For nearly 30 years, the battle for best truck—more specifically best diesel truck— has been a constant struggle between the Big Three American manufacturers: Chevrolet, Dodge and Ford. The never-ending quest for the throne has sparked many debates and created fierce brand loyalty. This week, we aim to educate readers by providing a brief history of each manufacturer’s power plant and build upon that foundation as we go.
The relationship between Dodge and Cummins has been a fruitful one, and a thing of beauty. Unlike Chevrolet and the Duramax, the Cummins engine had existed long before it was applied to RAM trucks. For the better part of the 20th century, Clessie Cummins’ engines were put to use in railroad switches, construction equipment and even a Packard Limousine. The Cummins engine was so strong and durable that in 1940 the company was confident enough to issue its first 100,000-mile warranty. Most of the equipment employed in the road building boom in the Unites States following World War II were Cummins-powered machines.
By the early 1980s, the Dodge line of pickups was in crisis mode. The manufacturer was losing a tremendous amount of market share to its competitors due to an outdated design and underperforming engines. Dodge had tried building their pickups with Mitsubishi diesels throughout the 70s but were met with little success. Executives at Chrysler decided to take a risk and outfit their trucks with the venerable and respected Cummins diesel. The move took years to come to fruition and was the backbone of a hearty resuscitation of the dying Dodge truck.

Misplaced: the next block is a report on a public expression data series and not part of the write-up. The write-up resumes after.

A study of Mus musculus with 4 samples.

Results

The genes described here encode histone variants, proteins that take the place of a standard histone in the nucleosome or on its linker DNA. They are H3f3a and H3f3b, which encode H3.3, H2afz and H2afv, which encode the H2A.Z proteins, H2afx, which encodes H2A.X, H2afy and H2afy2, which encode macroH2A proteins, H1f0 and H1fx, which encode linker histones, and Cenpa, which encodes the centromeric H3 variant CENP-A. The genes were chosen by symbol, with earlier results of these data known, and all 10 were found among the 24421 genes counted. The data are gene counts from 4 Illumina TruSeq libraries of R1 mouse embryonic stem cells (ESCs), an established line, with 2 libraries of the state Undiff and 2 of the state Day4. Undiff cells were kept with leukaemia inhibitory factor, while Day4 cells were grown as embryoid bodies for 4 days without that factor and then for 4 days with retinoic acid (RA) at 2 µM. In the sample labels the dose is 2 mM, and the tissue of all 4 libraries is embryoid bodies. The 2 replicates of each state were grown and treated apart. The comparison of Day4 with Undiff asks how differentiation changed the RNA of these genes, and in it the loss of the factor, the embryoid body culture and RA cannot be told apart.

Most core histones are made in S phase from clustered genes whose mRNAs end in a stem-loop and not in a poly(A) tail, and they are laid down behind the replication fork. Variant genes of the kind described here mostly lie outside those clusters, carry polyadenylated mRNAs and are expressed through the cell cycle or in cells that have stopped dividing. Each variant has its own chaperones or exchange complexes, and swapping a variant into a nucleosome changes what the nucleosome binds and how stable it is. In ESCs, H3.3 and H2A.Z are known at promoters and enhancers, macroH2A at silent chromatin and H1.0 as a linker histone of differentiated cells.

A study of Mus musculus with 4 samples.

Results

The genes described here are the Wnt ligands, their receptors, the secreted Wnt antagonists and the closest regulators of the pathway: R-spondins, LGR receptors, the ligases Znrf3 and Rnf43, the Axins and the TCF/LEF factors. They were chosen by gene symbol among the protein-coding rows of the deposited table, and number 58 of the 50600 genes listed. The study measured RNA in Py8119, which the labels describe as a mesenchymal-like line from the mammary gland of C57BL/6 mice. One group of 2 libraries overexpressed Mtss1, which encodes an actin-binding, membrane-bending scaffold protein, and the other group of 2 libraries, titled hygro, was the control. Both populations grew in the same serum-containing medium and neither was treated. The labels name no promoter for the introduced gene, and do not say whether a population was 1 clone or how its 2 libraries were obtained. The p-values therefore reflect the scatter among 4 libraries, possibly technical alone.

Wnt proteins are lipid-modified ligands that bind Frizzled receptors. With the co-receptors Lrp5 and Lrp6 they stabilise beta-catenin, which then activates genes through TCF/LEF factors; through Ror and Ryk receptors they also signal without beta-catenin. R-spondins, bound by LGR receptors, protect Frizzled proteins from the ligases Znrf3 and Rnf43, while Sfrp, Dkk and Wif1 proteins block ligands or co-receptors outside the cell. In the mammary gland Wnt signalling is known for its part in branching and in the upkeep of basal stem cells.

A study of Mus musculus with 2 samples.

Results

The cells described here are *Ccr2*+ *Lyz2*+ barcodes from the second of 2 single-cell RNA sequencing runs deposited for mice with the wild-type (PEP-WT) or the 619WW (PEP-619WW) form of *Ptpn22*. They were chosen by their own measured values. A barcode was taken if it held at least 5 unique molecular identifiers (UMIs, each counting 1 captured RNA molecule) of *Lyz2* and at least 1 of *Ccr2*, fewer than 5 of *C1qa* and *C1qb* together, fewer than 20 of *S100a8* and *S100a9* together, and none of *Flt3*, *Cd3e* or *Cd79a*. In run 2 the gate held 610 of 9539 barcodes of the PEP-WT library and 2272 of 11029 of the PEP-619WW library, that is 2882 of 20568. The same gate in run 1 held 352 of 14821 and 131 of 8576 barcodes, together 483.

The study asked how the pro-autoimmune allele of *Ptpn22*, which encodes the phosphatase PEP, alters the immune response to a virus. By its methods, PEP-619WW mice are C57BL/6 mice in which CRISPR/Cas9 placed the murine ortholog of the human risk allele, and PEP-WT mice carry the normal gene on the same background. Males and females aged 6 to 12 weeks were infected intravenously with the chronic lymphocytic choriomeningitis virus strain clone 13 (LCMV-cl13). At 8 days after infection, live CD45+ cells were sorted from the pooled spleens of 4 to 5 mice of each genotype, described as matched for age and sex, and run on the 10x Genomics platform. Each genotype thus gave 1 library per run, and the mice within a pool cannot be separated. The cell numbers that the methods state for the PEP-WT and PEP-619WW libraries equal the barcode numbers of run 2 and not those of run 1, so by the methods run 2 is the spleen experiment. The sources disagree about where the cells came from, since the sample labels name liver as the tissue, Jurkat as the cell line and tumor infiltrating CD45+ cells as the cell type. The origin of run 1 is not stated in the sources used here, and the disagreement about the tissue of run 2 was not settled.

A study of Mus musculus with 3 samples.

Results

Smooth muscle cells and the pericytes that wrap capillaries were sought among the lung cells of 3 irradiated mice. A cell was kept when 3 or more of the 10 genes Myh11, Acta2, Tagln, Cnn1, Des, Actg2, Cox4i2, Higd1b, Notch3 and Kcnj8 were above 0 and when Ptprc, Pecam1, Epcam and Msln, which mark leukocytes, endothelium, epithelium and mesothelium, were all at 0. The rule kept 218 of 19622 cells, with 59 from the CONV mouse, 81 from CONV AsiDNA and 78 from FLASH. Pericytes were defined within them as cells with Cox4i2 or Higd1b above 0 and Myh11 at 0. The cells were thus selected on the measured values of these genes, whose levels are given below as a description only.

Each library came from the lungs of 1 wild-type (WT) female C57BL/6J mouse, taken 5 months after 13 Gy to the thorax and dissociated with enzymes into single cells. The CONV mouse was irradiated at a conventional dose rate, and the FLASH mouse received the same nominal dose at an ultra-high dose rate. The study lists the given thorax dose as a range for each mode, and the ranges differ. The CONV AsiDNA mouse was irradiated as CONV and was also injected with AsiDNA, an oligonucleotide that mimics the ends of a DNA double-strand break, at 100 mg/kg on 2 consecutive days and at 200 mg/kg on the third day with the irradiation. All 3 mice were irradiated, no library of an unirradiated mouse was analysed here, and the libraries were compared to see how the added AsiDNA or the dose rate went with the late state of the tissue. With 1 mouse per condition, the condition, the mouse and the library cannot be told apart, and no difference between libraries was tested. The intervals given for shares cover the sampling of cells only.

The first iteration Cummins featured in a Dodge pickup was head-and-shoulders above the competition. Though it generated just 160 horsepower, it could generate 400 lb-ft of torque compared to GM and Ford’s 246 and 345, respectively. The design of the engine was also superior to its peers in several ways. According to Allpar.com, “Dodge made an outstanding decision in choosing Cummins. Using an inline six, not a V-8, cut maintenance costs; it had about 40% fewer working parts than competitive engines.” The inline engine afforded the mechanic more room to work and made for easy access to the six cylinders. Additionally, “the engine was direct injected (fuel is squirted into the combustion chamber),” which made it more efficient.
Since the first iteration, Dodge has continued to update their powerplants pursuant to emission standards and industry technology all while keeping pace with competitors. Halfway through the 1998 production year, the 24 valve Cummins was introduced. The doubled valve heads helped to increase airflow and allowed fuel injectors to be mounted directly over the piston bowl for improved combustion and low-end torque. By 2003, Chevrolet’s Duramax had set the standard with a high-pressure common-rail fuel injection system and Cummins followed suit, ditching their mechanical fuel delivery setup.
First Generation Cummins 12 Valve Specs
Want more information on the legendary inline Cummins? Stay tuned for the next installment of our Diesel Debate. Looking for a Cummins of your own? Check out Copart’s inventory of diesel-powered Dodge/RAM pickups!